By Jim Leffman via SWNS
The age for knee replacement surgery has dropped due to the obesity crisis, a new study has revealed.
Those with the highest Body Mass Index were having surgery up to seven years earlier than those of a healthy weight.
In fact, more than half undergoing the procedure were obese, according to researchers from the University of Queensland in Australia.
And fat women are more than 17 times more likely to have a knee replacement than their slimmer counterparts.
Researchers found that of the 56, 217 patients in the study who underwent a knee replacement for osteoarthritis (OA), 57.7% were obese.
About 4.2% of American adults have a knee replacement.
The study by The University of Queensland Rural Clinical School (UQRCS) compared data from the Australian Bureau of Statistics (ABS) 2017-18 National Health Survey with the Australian Orthopaedic Association National Joint Replacement Registry.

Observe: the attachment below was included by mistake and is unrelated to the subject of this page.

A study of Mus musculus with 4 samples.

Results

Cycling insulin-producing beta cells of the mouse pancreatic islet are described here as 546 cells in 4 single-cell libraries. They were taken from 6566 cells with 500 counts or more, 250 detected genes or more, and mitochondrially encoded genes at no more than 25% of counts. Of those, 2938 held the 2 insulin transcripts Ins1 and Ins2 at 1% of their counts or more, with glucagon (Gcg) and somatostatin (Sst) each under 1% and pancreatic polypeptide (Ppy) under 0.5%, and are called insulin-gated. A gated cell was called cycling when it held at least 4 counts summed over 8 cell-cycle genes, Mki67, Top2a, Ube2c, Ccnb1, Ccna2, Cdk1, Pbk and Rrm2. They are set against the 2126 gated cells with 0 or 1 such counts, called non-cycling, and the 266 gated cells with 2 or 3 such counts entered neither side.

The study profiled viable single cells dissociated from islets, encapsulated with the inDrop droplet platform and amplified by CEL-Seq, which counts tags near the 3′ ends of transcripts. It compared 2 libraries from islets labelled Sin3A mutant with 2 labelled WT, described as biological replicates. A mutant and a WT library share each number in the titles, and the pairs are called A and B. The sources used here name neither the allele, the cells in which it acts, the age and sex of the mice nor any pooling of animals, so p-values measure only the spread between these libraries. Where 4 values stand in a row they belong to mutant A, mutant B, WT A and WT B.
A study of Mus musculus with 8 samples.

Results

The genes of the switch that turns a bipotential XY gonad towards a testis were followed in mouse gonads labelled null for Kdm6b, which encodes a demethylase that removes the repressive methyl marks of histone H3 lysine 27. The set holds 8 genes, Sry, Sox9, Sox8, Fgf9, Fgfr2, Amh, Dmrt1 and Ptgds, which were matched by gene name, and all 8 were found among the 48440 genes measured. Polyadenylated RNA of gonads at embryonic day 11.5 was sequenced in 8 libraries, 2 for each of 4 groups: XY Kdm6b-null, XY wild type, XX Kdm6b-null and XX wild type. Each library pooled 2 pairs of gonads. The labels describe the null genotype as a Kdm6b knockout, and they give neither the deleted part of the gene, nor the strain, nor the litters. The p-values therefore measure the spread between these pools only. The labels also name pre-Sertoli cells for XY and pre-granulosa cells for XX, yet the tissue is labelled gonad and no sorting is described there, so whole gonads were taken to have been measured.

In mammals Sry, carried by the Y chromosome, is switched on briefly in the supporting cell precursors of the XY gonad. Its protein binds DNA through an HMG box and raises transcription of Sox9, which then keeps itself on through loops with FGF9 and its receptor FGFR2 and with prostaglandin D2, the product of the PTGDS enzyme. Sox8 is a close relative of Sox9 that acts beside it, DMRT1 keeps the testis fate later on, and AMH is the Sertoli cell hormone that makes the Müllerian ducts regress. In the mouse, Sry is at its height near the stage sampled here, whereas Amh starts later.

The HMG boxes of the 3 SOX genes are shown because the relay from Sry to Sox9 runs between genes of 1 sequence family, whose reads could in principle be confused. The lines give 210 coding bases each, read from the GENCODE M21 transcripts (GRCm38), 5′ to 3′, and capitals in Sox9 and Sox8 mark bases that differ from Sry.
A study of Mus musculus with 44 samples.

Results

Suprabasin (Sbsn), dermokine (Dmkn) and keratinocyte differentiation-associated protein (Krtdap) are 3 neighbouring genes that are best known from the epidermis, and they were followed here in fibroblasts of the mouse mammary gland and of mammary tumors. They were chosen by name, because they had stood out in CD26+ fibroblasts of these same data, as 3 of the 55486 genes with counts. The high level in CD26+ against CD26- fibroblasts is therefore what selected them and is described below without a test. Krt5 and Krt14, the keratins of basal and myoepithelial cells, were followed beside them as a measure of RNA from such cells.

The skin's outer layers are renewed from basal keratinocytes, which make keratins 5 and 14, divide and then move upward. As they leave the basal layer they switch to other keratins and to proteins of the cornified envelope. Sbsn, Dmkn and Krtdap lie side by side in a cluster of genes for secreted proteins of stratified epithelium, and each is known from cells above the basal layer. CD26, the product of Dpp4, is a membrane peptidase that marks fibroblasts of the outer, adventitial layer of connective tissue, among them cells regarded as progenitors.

UQRCS Head of Research, Associate Professor Srinivas Kondalsamy-Chennakesavan said the effects on women were striking:
“Obese women aged 55–64 years were up to 17.3 times more likely to undergo a knee replacement than their healthy weight counterparts, while obese men in the same age group were up to 5.8 times more likely."
“Obese patients with the highest BMI ratio were also seven years younger on average when they had a knee replacement, compared to normal weight individuals.”
Lead investigator of the study published in ANZ Journal of Surgery, Dr. Chris Wall, said: “Modest weight loss has been found to effectively reduce knee osteoarthritis symptoms and obese patients who maintained a 10% body weight loss experienced significant improvement in pain and function.
“By 2030, it’s expected more than 161,000 knee replacements will be conducted annually.
“Urgent action is needed at a national level to change our approach towards reducing obesity or Australia may face a growing burden of revision knee replacement in the future.”